Critical Leadership

Leadership abilities are needed at all levels of an organisation and not just at the very top.  After many years of practice and research we understand that Critical Leadership lies at the heart of all good leadership development. It is this reflective  process which allows individuals to become more self-aware and enhances the ability to adapt and change.

Our approach is active in every sense – active learning, engaging all the senses, creating environments that help to build self awareness and critical thinking.  This space may be physical or mental or, indeed, both, however, it allows room for creative and mindful thought and challenges and helps to build mental resilience.  The learning is always in the service of action so our success is measured through our ability to make a difference and measure change in work-place practice.

Our academic research, within both the public and private sectors, tells us that creating this environment (even for short periods of time) can change practice and behaviour that will be sustainable. All our professional programmes are built on three key concepts that underpin our philosophy and help to create more critical leaders.


This framework recognised that, as a leader, it is important to be able to operate within all aspects of the knowing – being – doing triangle and that each have a dependency on the other. 

Knowing – this is the body of knowledge you need to draw from to inform your actions and behaviours. The ‘knowing’ also considers your ability to transfer knowledge to new situations – to make links and judgements in order to understand new situations.

Being – this  encompasses your behaviour in relation to values and beliefs. As a leader do you  behave with integrity, do those who work with you trust you? Being also encompasses the ability to be self aware – understand how you impact on others – to reflect on your behaviour.

Doing – as a leader do you have the skills and technical ability to carry out your role to a high and consistent standard – to do the job well. To meet objectives and standards.

Our own research suggest that as leadership practitioners we are very good at, and indeed value the Doing segment of the triangle, we give some time and thought to the Knowing part of the framework however we are not consciously aware of the part  Being plays in our leadership role. Each of these aspects are inter-dependent – what we know shapes who we are and our behaviour should be congruent with our beliefs and values. Thus the knowing and being elements feed in to the doing. On going reflection and self awareness are crucial to becoming a leder who can fully draw on all three aspects of this framework

Putting these three conditions into action ensures that you create the reflective environment needed for learning to take place. Although these concepts are used to construct our development programmes they are equally as relevant for informal and formal workplace learning.

Space – creating an environment that takes people out of their comfort zone and encourages different thinking – this could encompass holding meetings in a different format or challenging patterns of thinking. It is less about the physical environment but more about the mental stimulation that makes leaders challenge their own thinking.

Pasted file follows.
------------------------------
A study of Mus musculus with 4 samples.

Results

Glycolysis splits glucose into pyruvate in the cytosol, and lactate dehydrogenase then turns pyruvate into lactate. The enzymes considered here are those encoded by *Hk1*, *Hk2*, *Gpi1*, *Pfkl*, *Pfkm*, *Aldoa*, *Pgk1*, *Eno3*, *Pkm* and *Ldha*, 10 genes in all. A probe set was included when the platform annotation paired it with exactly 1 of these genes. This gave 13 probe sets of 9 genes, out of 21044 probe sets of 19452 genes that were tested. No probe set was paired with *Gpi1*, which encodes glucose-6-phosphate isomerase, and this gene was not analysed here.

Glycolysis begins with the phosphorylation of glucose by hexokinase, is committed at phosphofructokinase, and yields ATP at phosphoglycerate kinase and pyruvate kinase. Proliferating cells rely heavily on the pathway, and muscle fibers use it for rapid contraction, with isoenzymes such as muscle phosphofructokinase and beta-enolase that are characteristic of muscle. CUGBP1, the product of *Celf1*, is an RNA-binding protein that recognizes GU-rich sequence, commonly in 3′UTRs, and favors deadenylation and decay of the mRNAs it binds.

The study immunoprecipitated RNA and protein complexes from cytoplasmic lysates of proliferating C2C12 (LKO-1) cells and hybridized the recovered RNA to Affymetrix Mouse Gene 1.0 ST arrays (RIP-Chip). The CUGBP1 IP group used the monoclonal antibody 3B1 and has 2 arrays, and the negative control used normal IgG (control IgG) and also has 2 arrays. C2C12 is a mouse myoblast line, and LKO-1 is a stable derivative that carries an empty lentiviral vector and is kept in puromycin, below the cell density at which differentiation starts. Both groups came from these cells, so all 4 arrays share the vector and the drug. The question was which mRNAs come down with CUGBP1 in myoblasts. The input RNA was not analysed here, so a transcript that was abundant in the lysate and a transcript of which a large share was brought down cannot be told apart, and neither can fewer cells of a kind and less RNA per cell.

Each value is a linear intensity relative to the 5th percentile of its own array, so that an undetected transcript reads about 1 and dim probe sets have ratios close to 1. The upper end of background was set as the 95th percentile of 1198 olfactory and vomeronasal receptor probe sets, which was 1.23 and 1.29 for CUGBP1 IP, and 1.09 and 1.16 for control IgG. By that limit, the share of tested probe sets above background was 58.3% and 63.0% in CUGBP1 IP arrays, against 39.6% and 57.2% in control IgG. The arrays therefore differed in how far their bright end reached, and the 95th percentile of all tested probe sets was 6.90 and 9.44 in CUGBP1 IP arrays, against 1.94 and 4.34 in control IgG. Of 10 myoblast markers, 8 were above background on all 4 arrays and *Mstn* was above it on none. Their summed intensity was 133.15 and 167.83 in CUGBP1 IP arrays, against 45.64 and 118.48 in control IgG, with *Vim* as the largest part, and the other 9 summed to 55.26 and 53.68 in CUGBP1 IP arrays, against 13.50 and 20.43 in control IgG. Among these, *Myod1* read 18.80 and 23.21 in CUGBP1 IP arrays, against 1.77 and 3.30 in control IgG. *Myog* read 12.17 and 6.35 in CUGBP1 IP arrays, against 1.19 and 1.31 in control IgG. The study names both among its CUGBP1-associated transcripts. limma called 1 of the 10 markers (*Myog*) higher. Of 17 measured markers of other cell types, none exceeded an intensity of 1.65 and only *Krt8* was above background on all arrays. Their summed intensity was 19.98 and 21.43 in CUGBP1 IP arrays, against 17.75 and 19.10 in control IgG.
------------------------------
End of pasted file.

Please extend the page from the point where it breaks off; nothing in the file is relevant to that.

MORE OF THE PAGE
Pace – we often reward and give credit to busy people – we often consider busy people to be productive. We recognise that to release full potential there is a need to create work and learning that happens at different paces – sometimes busy, working to speed and deadlines however, also building time to stop or be slow and think and reflect (see concept 1 – Being more reflective) for more on this.

Place – we are creatures of habit, we have routines that get us through the day and give us structure to our day – this is not always a bad thing, however, if we want people to think and behave differently – be creative and innovative – we need to look at different places to be in. This may be as simple as re-organsising the working or meeting room or going outside to hold one to one reviews.

Often as leaders we may rely on one or other of these states but rarely a combination of all – this powerful combination of considering all states promotes a more rounded response to challenges and promotes reflective practice in action.

Thinking – Feeling – Willing encourages leaders to consider their practice and challenges on 3 levels.

Thinking – considering and using logic, theories and rationality to inform our behaviour.

Feeling – what is our emotional response to situations, both in the heart and the gut, what are our instinctive responses – what is our human reaction?

Willing – how ready are we to take action and, based on our thinking and feeling, do something. Alternatively how often do we take action without considering our rational and emotional self!

By encouraging leaders to consider their judgement based on all 3 states (and not the over reliance of one state) ensures the development of well rounded critical leaders who take informed actions.

PDC use these three concepts to craft tailor made solutions to organisational and behavioural change. We consider the role of the leadership in the change process and how to make managers think like leaders. Testimonials from our long established customers in both the public and private sectors prove that our interventions help people and businesses change and thrive in tough times.